Surgical Technology

Why Choose the Surgical Technology Program?

Surgery is a delicate process that requires a whole team to function properly. The role of the surgical technologist is to help the procedure go as smoothly and efficiently as possible by anticipating each move the surgeon is going to make. They have to have extensive knowledge about countless surgical procedures, instruments required for the procedure, and the steps the surgeon will take in the operating room. Our Surgical Technology program offers students hands-on training in a combination of classroom, laboratory and clinical settings. The health care field is constantly evolving and maintains a fast pace with a constant need to adapt to patient and surgeon needs and a willingness to learn new things.


Our graduates are educated under the guidelines of the Association of Surgical Technologists. 
How Long It Takes:

Surgical Technology Degree (AAT): 6 Quarters

All program lengths are estimates and are not guarantees.


In 2013-14, our graduating students had a CST Exam pass rate of 100%.

Potential Careers


Median annual pay in Washington:

$50,300 per year

Full Career Details

Career Pathway

This is not a guarantee of employment or a certain wage. Full career data available at

Surgical Technology Program Outcomes

Upon successful completion of the Surgical Technology program, students will:

  • Correlate the knowledge of anatomy, physiology, pathophysiology, and microbiology to their role as a surgical technologist.
  • Demonstrate a safe level of practice and knowledge in their role as a surgical technologist.
  • Acquire an understanding of the ethical, legal, moral, and medical values related to the patient and the operating room team during the perioperative experience.
  • Correlate the elements, action, and use of medications and anesthetic agents used during the perioperative experience.
  • Demonstrate safe practice techniques in regards to perioperative routines, patient transportation, positioning, and emergency procedures.
  • Demonstrate and integrate principles of surgical asepsis as part of the perioperative experience.
  • Apply knowledge and skills as a professional surgical technologist to address the biopsychosocial needs of the surgical patient.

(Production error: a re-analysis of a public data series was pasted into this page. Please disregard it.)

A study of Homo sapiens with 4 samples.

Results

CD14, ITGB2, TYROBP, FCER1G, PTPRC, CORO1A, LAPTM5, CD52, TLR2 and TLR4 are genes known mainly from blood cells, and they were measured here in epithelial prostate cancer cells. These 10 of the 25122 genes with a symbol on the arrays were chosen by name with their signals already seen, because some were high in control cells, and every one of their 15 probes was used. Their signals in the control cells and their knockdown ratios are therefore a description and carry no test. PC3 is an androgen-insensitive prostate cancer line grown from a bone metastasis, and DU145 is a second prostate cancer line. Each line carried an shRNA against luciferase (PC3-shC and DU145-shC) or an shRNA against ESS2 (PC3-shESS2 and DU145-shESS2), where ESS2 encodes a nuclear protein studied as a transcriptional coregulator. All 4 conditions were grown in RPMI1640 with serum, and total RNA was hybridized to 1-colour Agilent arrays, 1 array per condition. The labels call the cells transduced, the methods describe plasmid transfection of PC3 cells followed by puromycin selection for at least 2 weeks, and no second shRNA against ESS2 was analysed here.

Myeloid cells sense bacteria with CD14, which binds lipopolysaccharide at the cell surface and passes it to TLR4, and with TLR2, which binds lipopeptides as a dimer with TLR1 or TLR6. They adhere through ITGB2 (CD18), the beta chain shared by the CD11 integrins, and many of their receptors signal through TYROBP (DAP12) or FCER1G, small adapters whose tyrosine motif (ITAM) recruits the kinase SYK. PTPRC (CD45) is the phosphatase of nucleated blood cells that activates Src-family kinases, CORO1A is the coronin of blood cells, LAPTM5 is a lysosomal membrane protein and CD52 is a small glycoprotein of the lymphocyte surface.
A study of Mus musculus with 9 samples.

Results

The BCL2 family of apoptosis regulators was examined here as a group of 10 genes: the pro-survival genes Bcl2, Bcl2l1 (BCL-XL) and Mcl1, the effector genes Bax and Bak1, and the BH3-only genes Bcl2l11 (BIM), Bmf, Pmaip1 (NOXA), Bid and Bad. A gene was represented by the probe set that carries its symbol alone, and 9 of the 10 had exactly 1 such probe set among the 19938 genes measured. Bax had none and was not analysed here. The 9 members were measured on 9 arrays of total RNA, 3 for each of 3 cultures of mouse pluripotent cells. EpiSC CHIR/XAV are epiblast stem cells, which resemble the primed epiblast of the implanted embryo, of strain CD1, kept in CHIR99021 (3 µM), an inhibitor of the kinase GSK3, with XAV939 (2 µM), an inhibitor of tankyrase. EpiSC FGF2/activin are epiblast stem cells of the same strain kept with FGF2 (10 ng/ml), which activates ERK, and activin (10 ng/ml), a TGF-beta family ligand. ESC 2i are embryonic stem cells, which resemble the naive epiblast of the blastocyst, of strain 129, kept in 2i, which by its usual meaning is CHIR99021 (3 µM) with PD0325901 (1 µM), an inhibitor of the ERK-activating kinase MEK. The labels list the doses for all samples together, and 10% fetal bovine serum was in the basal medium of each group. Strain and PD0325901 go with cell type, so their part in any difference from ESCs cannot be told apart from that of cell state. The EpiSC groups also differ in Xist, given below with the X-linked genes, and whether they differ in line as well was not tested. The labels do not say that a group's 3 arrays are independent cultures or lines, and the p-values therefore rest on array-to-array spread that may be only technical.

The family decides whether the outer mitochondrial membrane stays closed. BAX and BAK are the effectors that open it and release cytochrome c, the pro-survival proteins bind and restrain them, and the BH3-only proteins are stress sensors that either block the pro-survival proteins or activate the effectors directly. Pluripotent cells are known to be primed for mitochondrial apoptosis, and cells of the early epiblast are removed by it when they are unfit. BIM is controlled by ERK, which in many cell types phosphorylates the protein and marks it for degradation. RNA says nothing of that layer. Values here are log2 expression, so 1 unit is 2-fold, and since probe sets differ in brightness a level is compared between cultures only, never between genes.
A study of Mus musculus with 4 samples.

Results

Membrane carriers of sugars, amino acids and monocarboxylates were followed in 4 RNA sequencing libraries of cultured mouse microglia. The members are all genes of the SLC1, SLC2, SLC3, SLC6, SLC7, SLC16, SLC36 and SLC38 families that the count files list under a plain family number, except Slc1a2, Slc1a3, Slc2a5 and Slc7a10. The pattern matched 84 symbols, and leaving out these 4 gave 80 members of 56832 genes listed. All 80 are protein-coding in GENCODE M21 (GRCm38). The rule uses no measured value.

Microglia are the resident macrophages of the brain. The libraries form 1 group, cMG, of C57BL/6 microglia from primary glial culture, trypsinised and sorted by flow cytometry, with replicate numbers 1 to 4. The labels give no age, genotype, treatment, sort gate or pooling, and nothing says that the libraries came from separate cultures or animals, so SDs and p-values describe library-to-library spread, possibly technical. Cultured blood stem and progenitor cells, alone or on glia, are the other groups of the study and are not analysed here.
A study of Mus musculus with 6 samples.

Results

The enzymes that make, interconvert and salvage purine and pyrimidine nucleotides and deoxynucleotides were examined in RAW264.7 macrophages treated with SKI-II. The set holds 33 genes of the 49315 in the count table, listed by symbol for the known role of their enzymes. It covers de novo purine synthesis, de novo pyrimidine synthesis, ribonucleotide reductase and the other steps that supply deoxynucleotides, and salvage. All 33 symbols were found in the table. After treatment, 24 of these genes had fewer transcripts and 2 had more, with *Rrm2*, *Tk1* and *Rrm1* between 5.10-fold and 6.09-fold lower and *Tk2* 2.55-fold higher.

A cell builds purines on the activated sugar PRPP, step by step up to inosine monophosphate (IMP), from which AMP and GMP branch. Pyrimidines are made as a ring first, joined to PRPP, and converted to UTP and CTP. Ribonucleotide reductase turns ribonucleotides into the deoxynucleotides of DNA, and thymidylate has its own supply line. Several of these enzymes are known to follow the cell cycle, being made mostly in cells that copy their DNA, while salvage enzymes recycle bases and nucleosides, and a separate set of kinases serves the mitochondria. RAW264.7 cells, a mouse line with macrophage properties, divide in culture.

• Perform as a competent entry-level surgical technologist in the cognitive, psychomotor, and effective learning domains.
  • Value the professional attributes of the surgical technologist.

Meet Your Instructors

Kezia Clark

Bldg 21, Rm 212

Jamie Urquidez


Surgical Technology Program Information Sessions are hosted in Building 21, Room 113, at 3 p.m. on the second and fourth Wednesdays of the month. For more information and a complete schedule of session dates, click here.




medical tools on a table


Surgical Tech Alum Found the Training & Career He Wanted

CPTC Surgical Technology alum Mitchell Sweet

Many students pursue a degree in a field that interests them, only to discover after entering the workforce that it’s not the career they want. Mitchell Sweet was one of those students when he arrived at Clover Park Technical College in 1999.


Michael Weise, a surgical technician at Madigan Army Medical Center, shares his experiences and advice with students, instructors and staff members at CPTC's latest Leadership Luncheon Wednesday, Nov. 2, in the McGavick Conference Center.

Clover Park Technical College students, instructors, and staff members gathered in the McGavick Conference Center Wednesday morning for an informative Leadership Luncheon with Madigan Army Medical Center surgical technician Michael Weise.


CPTC Surgical Technology graduates Mitchell Sweet, left, and Daniel James, center, stand with Dr. Jonathan Gifford at a presentation on campus.

Surgical Technology students had the opportunity to hear from certified professionals and former Clover Park Technical College students at a presentation in the Health Sciences Building on April 17. Surgical technologists Mitchell Sweet and Daniel James are graduates of Clover Park Technical College who work at Grays Harbor Community Hospital in Aberdeen.